New Delhi: Asking the Haji Ali Dargah Trust to take a progressive stand on the issue of allowing women inside the famous Muslim shrine in Mumbai, the Supreme Court today agreed to extend the stay on a High Court order which lifted a 2012 ban on the entry of women. The court will now hear the matter on October 17.
A bench comprising Chief Justice TS Thakur and Justice AM Khanwilkar said they were hopeful that the Trust "will take a stand which is progressive". Reminding the petitioner that an identical issue was pending before the Supreme Court relating to the Sabarimala Temple in Kerala, the court said "that the issue was a problem not only among Muslims, but among Hindus as well" and warned that the Trust must not discriminate against women.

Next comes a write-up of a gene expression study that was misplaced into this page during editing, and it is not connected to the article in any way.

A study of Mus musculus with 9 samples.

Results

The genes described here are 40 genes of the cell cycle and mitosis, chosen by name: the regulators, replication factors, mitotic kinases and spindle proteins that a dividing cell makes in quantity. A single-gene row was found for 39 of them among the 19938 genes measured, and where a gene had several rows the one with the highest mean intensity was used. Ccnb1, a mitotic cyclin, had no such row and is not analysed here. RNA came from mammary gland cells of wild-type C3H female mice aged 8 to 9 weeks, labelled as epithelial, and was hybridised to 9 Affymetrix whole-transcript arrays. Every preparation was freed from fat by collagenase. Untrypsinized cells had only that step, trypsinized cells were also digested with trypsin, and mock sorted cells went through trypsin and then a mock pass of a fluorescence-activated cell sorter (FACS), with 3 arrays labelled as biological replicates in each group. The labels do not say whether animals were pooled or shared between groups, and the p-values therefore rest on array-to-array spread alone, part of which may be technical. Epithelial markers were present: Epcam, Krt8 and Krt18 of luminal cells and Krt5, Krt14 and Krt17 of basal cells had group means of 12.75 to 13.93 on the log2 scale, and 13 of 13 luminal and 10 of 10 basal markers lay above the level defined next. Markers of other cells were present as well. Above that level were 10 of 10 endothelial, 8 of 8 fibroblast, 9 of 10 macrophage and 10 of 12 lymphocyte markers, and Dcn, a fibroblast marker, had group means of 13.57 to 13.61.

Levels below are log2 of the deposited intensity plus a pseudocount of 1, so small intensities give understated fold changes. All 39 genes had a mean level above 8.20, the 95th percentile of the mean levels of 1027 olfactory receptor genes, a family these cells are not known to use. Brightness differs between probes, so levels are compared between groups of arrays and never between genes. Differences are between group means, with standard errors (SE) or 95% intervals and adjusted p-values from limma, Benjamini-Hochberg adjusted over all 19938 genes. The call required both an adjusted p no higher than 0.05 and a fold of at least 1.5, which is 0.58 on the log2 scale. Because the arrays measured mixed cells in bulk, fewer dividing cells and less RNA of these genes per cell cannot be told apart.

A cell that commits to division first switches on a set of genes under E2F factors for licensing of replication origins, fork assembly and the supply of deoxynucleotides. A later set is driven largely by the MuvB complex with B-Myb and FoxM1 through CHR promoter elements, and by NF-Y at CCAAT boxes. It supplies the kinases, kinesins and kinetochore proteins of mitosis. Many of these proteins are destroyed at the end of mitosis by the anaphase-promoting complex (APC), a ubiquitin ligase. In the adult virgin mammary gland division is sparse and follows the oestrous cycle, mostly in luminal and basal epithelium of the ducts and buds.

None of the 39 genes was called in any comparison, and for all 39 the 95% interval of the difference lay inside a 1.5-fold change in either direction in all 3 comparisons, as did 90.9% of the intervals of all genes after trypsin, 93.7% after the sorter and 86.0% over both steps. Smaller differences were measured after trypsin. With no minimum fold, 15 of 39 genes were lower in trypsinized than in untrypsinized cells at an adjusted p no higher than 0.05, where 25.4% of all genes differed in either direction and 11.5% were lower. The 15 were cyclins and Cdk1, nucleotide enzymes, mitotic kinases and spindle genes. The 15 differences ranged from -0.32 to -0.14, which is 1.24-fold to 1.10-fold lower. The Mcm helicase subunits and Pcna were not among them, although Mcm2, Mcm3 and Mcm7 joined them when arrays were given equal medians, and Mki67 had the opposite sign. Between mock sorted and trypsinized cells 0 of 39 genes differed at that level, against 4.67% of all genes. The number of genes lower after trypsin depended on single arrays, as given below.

Senior lawyer Gopal Subramaniam, who appeared for the Trust, said he was "on a progressive mission" and assured the court that the Trust was looking for a solution.
On August 26 the Bombay High Court had held that the ban on entry of women into the shrine was unconstitutional and violated the fundamental rights of women. In a landmark judgment the court said that the "right of the Trust to manage cannot override the right to practice religion itself".
The court had also remarked that prohibition was not an integral part of Islam.
It also dismissed the Trust's defence that the ban was in keeping with a 2012 Supreme Court direction to ensure that there was no sexual harassment of women at places of worship.
The High Court was hearing a petition filed by activists - Zakia Sonam and Noorjehan Niaz - of the women's rights group Bharatiya Muslim Mahila Andolan.